In March of 2012, the Coast Guard published the final rule titled, “Standard for Living Organisms in Ships’ Ballast Water Discharged in US Waters.” The rule became effective in June of 2012, whereby the Coast Guard amended its BWM regulations by establishing a standard for the allowable concentration of living organisms in ships’ ballast water discharged into waters of the US.  Furthermore, the rule amended Coast Guard regulations for engineering equipment by establishing an approval process for BWMS.


Beginning January 1, 2016, the implementation schedule for installing BWMS began, and both existing and new vessels were required to begin installing and using BWMS type-approved by the USCG or adopt one of the other compliance options, and ballast water exchange began to be phased out.

BWM compliance statistics

  • The number of BWM exams conducted by the US Coast Guard increased in 2017 by 1.9%.
  • Deficiencies increased from 110 in 2016 to 219 in 2017, a 99.1% increase.
  • The majority of the deficiencies were related to logs/records, alternate management systems (AMS), mandatory practices, BWM plan, and the discharge of untreated ballast water into waters of the U.S.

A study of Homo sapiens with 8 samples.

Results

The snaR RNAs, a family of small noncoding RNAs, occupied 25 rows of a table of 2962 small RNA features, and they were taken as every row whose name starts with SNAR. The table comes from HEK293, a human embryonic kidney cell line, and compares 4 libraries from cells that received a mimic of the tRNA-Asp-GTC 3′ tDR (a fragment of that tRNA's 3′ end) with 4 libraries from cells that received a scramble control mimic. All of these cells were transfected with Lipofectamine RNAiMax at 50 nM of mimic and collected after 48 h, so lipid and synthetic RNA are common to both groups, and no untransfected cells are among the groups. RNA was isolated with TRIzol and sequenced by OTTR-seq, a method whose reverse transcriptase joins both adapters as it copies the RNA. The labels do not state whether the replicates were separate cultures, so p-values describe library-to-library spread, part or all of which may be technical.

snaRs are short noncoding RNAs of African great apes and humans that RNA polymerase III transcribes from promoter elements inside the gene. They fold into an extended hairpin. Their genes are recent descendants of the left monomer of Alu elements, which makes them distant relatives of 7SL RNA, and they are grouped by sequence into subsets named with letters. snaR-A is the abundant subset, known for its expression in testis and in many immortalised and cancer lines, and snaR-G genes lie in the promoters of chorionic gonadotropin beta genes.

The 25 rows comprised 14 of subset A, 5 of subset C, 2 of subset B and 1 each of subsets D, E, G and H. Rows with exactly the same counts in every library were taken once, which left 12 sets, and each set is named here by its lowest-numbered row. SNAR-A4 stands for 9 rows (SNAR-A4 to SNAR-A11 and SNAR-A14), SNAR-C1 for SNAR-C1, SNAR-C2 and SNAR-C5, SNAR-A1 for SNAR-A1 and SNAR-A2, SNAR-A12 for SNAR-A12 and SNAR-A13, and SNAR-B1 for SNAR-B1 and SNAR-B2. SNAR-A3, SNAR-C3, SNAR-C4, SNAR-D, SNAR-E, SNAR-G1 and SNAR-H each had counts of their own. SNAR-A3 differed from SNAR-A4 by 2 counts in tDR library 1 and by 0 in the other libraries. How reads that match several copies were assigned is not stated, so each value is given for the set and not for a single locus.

• Consequently, the USCG imposed operational control restrictions on 17 vessels due to the severity of deficiencies where some of these vessels were required to leave port in order to comply. These vessels received sanctions ranging from warnings, Notice of Violations (NOV), and Administrative Civil Penalty (Class I) actions for failure to implement BWM requirements.
  • The lack of familiarity and training regarding the use of a BWMS, maintenance of the BWM plan specific for the vessel, and implementation of a BWM strategy were found to be a common trend with the deficiencies identified.

In some cases, the Coast Guard found that the BWMS was only used during voyages to the US and that crews received little or no training in operating and maintaining the system.

In view of these, the USCG noted:

  • For a BWMS to operate reliably, it must be used regularly and in accordance with the manufacturer's specifications, as this improves crew operational knowledge of the BWMS and its reliability
  • The BWM plan should include routine shipboard operations and contingencies for those situations when compliance with the BWM requirements is not possible.